Whenever I mention working to support 'cyber-victims' to GP colleagues I see question marks on their faces - what is this? Why would it be a concern to doctors?
Discrimination against people with chronic conditions and disabilities is a documented phenomenon, taking the form of harassment, bullying, stalking or even hate crimes. With advancements in technology these experiences were taken to new levels, complicated by the anonymity of harassers and continuous trauma via social media, blogs, forums or mobile phones.
Despite the number of legal acts to counteract these offences in the UK the impact is still ongoing. Cyber victimisation has devastating consequences upon victims, it results in somatic health complaints, mental health complications such as PTSD and depression, unemployment, social isolation, or suicidal thoughts.
All of these consequences could present to primary care during consultations, taking time in differential diagnosis without understanding the underlying cause. In fact, victims of cyber abuse are often seen in primary care.
GPs have proven to be more capable in recognising abnormal behaviour compared to police and hence have a crucial role in identifying victims. In the UK, research carried by the National Centre for Cyberstalking Research (NCCR) showed that among 274 cyberharrasment victims 38.5% contacted their doctors.
But there remains work to be done to ensure primary care can offer these patients the help they need. A number of participants expressed concerns that doctors made things worse or did not provide enough support. Some victims mentioned that they had to change GP to be 'taken seriously' or to get someone to understand their suffering, while other participants highlighted trust issues.
As a primary care doctor myself I understand the pressure GPs face every day, the busy schedule, communication issues and the vagueness of cyberharrasment impact and presentation in primary care, with a complex system of support.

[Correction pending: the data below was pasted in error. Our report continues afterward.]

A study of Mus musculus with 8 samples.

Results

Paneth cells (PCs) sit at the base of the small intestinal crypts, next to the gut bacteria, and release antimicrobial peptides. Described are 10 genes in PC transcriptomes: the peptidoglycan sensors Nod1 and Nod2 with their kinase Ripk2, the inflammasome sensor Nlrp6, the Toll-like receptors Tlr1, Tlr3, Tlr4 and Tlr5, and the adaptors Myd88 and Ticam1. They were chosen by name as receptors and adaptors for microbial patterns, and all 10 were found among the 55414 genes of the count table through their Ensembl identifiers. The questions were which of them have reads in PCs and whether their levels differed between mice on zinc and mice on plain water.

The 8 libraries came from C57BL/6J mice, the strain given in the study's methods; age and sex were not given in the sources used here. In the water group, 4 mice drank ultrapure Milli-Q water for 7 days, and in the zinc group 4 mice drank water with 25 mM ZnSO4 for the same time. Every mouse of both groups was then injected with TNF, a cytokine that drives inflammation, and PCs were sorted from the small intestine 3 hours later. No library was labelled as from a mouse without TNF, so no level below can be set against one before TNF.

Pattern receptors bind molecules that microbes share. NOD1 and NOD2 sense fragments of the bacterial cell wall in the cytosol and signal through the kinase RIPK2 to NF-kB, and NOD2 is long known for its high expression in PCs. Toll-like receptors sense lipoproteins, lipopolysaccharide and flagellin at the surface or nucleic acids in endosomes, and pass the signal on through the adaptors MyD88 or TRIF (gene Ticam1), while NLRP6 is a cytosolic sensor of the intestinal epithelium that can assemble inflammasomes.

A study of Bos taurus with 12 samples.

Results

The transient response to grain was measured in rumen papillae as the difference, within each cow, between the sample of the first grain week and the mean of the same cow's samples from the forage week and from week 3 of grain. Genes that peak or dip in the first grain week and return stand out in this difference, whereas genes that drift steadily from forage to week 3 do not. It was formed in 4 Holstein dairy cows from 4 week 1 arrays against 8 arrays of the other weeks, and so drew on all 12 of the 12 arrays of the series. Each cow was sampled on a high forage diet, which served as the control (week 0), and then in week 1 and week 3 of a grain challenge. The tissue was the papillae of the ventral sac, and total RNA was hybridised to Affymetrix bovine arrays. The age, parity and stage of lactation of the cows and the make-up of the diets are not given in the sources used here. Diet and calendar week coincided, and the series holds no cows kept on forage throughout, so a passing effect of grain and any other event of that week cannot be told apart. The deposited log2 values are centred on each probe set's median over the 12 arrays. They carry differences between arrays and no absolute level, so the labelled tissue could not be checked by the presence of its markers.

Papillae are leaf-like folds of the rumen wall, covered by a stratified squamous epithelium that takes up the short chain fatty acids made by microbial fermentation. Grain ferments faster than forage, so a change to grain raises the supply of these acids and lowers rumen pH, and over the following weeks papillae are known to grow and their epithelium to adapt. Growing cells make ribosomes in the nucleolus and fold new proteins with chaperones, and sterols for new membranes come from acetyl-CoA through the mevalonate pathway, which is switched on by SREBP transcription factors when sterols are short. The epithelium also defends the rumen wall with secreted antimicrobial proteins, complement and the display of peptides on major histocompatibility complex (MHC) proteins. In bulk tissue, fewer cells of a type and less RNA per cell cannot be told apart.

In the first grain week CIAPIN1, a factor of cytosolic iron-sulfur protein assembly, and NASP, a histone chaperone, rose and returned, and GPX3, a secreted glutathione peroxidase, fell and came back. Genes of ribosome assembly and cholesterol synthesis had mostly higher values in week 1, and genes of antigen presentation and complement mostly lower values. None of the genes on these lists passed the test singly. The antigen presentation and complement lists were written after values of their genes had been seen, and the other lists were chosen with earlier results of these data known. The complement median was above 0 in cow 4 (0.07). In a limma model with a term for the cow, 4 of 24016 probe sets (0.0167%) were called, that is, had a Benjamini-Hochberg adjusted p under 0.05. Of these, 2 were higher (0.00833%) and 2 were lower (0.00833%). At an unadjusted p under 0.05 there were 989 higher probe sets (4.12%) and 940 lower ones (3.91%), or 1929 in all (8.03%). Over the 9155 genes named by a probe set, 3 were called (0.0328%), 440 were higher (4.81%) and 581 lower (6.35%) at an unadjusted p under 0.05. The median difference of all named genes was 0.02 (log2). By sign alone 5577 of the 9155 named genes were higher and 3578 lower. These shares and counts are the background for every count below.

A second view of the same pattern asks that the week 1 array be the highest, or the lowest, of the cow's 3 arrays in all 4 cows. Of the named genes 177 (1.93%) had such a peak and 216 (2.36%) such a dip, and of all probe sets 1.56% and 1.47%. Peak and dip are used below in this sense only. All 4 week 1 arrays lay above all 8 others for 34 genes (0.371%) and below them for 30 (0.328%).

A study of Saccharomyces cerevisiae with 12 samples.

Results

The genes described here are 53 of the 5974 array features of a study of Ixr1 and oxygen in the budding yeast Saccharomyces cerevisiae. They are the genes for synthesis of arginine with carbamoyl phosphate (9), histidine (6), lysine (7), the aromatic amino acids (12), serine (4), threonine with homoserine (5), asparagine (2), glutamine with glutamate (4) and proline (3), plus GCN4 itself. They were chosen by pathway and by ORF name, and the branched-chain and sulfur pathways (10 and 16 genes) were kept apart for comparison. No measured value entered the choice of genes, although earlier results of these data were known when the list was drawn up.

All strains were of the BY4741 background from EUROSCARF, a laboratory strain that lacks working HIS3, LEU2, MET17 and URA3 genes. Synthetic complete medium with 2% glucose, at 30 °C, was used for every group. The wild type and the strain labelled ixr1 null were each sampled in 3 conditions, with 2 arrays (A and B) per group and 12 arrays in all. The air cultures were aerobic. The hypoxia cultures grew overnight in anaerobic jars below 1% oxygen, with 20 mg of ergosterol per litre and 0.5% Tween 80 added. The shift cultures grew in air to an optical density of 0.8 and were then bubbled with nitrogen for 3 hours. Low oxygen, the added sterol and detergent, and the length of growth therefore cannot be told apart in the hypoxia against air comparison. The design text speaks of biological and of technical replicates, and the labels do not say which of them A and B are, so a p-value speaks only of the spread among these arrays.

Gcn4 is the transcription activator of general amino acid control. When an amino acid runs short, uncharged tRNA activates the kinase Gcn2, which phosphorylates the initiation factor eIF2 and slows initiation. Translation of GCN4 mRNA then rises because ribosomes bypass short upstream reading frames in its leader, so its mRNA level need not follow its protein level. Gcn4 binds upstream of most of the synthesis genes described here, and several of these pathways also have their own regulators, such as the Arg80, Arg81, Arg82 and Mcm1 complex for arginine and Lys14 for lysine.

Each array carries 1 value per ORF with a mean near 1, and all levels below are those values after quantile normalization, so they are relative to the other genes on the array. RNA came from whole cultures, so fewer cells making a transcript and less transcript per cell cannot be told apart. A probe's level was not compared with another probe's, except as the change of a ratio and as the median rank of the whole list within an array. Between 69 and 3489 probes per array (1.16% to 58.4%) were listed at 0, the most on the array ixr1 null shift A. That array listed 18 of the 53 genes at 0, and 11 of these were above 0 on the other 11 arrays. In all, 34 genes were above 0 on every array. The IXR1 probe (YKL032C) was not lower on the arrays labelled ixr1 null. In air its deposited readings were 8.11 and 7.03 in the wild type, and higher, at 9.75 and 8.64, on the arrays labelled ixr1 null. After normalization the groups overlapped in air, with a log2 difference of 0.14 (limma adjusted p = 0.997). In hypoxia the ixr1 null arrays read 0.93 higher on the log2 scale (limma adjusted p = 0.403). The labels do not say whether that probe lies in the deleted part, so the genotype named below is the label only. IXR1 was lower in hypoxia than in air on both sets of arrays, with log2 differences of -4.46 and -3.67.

Helping patients to manage their chronic conditions is part of our role as doctors, but it looks like this support now needs to acknowledge the virtual, online world our patients are connected to. In order to address this issue in the UK we started a new research programme based at the NCCR, in which we listen to patients/victims, GPs and police.
The research is ongoing and aims to address the impact of cyber victimisation on people living with chronic conditions and disabilities in the UK. Results so far indicate a disturbing impact on victims’ wellbeing and management of their conditions such as diabetes, COPD, ME, mental health and other conditions. Some victims were targeted in online health forums where they went based on advice from their GP.
While these patients are attending GP appointments to improve their self-management such experiences are disrupting their management. Patients/victims so far have rated GP support or understanding of the problem fairly low. But to appreciate the whole picture, input from GPs is highly needed - we want to recognise GPs' perspective from their experiences and medical point of view.
- Dr Zhraa Alhaboby is a primary care doctor who has specialised in community medicine and a researcher at the National Centre for Cyberstalking Research (NCCR) and the and the Institute for Health Research, University of Bedfordshire.